ONE year ago today, at 2:28pm, the earth shook and life changed forever in Sichuan Province.

The earthquake smashed buildings, crumpled mountains, changed the course of rivers and claimed nearly 70,000 lives.

After an extraordinary rescue and relief effort, Sichuan is indeed rising from the ashes and people are rebuilding not only structures but also their lives.

It's far harder, however, to heal the hearts of a community than to put up a new high rise.

Dujiangyan (paired with Shanghai for rebuilding) and Mianyang cities were among those devastated in the 8.0-magnitude temblor.

After a year, most people have gone back to their daily routines, some in temporary communities, others in new apartments. But many of their family, friends and familiar faces are gone.

Mianyang, Sichuan's second-largest city after the capital Chengdu, became famous for its Beichuan County, where the main town was utterly destroyed. That dangerous site near the epicenter will be abandoned. A new town is planned 23 kilometers away.

Beichuan High School, which lost more than 1,000 of its 3,000 students, has resumed classes in the training center of Changhong Co, the largest enterprise in Mianyang.

After the quake, many survivors stayed in Jiuzhou Gym in Mianyang, the largest shelter.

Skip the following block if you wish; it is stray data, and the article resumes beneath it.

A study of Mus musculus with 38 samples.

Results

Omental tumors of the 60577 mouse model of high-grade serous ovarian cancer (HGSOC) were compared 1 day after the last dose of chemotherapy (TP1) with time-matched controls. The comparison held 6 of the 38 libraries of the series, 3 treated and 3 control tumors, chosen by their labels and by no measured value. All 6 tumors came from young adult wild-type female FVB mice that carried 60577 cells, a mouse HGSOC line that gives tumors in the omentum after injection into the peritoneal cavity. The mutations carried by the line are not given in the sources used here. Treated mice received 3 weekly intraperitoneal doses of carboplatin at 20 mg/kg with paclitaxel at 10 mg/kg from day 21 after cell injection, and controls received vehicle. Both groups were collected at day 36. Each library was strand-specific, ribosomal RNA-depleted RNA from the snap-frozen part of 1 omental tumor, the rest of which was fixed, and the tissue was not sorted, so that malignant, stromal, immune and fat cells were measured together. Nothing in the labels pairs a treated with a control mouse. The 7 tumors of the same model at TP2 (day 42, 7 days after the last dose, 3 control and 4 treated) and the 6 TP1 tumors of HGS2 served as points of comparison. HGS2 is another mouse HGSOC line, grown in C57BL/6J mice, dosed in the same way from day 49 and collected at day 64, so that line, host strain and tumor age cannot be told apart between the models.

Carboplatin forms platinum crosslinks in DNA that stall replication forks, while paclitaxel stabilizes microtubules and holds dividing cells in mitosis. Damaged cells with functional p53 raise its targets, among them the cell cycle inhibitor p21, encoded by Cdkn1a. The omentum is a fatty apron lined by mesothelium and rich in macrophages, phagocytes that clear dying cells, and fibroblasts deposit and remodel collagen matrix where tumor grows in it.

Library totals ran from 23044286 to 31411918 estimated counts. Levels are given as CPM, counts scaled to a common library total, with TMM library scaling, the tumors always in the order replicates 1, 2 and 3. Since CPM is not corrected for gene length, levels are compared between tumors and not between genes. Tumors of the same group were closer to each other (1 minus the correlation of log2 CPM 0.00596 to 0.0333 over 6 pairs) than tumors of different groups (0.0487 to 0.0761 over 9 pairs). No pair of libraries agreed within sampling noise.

These people have now either moved in with relatives or shifted to one of the few temporary communities near the city. These communities are organized like the originals, with shops, markets, community offices, health care, playgrounds and other facilities and services. People are getting acquainted with their neighbors and go about their business.

Many Beichuan natives now live in the Yongxing temporary community, waiting for the new town to be finished. Some operate tourist shops on the road to the rubble of the old town. The area has been closed off for safety reasons but was reopened for the one-year anniversary of quake on Sunday for three days.

Life goes on, but it's not unusual to see people with disabilities who were injured in the earthquake. Most of the Beichuan survivors lost family members.

Dujiangyan city, 30 minutes' drive from Chengdu, lost more than 3,000 residents and suffered economic losses of more than 50 billion yuan (US$7.27 billion). More than 80 percent of the buildings were damaged in the city, more than 90 percent in the mountains.

It has been paired with Shanghai for relief and reconstruction.

The tourist city is famous for scenery at Qingcheng Mountain and the ancient irrigation and water conservation project at Dujiangyan.

Most residents have moved to temporary communities. Residents play mahjong after work, chat with neighbors and do their shopping.

Many women who lost their jobs when their factories collapsed are training for new jobs. People gather in the early evening to dance together - dancing was suggested by volunteer mental health counselors as a way of easing the pain from loss.

As the temperature rises, some people are returning to their repaired and reinforced homes. It's too hot to stay in the simply built temporary rooms in summer.

Others, whose houses cannot be rebuilt, are looking forward to moving soon into new apartments allocated by the government. A few lucky people have already moved into the new buildings - offering 70 square meters for a household of three.